After the WME filed an antitrust lawsuit against the WGA, the Writer’s Guild decided to fight back. On Friday, the WGA sent a cease and desist letter to the ATA, claiming in the letter that they “have collusively agreed not to sign the guild’s Code of Conduct. Following news that Verve had negotiated a Code of Conduct and Franchise Agreement with the WGA, the ATA and its leading members closed ranks and threatened to retaliate against Verve and, implicitly, against any agency that subsequently reached an agreement with the guild.” Read the full letter here.
This came as a surprising twist, as on Thursday, the WGA offered the ATA a deal: they could still apply packaging fees but only for one year, after which they must switch to the 10% commission model. The deal was a modification of the one proposed back in April. Read the full updated agreement here. The WGA stated that the offer was being made “despite the fact that every one of the eight member agencies of the ATA ‘bargaining’ committee has rejected the offer we made last week to meet individually and discuss this new proposal.” They acknowledged the lawsuit and stated a warning: “UTA has joined WME and filed its own lawsuit accusing the Writers Guild of engaging in, of all things, an antitrust violation. But make no mistake – writers are in no fashion intimidated by these actions; tomorrow we will inform you of the guild’s response to the agencies’ lawsuits and collusive behavior.”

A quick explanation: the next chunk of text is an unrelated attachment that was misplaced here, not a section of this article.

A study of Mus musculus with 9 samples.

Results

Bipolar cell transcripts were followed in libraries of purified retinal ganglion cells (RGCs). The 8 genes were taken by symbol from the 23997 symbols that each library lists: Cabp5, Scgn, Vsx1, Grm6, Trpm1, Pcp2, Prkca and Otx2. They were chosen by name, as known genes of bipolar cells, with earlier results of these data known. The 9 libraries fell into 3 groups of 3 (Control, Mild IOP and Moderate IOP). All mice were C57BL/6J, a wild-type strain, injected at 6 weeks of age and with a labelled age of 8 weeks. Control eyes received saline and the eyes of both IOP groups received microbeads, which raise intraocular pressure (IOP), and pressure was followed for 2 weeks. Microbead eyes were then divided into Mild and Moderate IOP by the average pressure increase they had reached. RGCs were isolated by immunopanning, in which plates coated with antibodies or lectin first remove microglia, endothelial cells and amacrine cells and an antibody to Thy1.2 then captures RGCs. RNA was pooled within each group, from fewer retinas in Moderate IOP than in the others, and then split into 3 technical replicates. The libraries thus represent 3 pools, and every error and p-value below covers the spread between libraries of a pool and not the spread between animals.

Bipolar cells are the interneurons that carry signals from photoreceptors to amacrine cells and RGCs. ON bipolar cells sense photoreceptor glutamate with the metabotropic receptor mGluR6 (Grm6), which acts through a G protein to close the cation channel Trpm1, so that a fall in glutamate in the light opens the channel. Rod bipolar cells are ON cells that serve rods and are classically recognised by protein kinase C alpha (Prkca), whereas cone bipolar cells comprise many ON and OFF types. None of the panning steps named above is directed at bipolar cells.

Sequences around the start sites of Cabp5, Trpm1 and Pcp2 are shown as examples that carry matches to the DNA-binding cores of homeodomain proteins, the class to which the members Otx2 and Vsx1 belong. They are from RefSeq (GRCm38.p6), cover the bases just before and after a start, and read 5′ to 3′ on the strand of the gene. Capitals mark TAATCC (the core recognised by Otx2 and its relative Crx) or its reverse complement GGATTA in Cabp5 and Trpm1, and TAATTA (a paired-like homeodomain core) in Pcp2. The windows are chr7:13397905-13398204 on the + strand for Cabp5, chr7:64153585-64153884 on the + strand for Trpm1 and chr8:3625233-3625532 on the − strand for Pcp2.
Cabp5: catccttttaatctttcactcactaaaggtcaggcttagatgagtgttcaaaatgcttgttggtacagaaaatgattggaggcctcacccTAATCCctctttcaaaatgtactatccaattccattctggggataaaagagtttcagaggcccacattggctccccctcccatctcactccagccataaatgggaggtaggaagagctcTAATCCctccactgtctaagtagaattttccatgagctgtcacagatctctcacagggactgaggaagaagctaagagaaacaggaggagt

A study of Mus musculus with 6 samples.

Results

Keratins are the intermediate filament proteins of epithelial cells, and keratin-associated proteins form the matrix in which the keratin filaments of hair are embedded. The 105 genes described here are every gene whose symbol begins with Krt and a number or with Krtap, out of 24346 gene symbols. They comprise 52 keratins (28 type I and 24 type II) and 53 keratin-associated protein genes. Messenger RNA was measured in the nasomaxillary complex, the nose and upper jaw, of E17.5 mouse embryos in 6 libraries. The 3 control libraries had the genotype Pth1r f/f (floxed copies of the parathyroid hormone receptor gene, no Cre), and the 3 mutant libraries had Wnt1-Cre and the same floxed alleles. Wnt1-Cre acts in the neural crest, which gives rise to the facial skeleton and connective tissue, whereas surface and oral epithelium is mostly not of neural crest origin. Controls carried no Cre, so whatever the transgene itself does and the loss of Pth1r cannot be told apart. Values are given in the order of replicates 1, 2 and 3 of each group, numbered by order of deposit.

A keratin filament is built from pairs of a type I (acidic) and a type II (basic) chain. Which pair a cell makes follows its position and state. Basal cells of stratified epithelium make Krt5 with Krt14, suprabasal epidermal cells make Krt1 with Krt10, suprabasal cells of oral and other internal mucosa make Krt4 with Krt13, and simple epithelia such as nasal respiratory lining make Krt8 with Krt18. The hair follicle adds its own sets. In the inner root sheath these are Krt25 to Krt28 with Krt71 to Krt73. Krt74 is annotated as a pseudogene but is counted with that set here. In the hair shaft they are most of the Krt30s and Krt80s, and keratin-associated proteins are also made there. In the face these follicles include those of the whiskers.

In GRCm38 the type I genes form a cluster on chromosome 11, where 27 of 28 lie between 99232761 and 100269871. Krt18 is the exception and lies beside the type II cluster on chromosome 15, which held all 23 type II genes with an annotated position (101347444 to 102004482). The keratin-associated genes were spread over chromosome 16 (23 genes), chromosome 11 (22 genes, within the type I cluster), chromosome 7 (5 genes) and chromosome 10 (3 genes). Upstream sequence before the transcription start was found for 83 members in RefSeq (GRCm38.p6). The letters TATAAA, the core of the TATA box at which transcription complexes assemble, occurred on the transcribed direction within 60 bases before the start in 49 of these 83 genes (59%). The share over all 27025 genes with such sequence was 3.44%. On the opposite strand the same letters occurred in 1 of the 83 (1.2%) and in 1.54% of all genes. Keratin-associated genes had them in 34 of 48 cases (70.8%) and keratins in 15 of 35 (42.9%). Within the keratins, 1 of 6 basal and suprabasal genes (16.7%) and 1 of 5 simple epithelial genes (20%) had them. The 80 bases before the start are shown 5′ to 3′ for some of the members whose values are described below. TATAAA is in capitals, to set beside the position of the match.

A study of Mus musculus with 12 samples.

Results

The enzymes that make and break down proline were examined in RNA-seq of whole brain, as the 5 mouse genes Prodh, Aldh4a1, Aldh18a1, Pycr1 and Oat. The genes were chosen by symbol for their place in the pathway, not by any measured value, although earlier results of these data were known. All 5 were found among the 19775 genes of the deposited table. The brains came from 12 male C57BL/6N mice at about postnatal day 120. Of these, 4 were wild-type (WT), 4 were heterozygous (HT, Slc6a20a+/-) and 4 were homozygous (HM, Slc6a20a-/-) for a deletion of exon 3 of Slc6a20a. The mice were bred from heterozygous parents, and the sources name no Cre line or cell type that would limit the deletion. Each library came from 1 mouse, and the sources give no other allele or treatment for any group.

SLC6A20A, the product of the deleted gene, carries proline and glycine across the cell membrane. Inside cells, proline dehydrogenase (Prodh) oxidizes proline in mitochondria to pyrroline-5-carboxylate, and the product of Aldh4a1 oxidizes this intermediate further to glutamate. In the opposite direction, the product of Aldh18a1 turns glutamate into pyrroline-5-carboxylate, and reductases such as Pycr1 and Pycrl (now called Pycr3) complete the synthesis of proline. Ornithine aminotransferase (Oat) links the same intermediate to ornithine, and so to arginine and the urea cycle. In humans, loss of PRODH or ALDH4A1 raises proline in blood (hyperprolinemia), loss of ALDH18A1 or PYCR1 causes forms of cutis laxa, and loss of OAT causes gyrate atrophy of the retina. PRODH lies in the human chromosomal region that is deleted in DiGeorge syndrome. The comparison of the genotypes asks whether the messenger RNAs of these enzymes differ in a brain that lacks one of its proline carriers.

The cease and desist letter also accused the ATA of “collusive actions that constitute unlawful restraints of trade.” The alleged collusion, according to the WGA, refers to the ATA’s act of allegedly hiding the amount made by agencies for packaging fees. In a letter to its members, the WGA stated that “the agencies will continue packaging fees and production arms, and will hide how much they make by these practices. They claim we don’t know what is good for us as writers, and that they know better than Guild leaders and 95.3% of members what kind of representation we deserve.”
The letter ends with a deadline for the ATA to cease and desist with its alleged anticompetitive behavior: July 15th. As the battle continues, it remains to be seen whether the WGA and ATA will be able to reach a mutual agreement.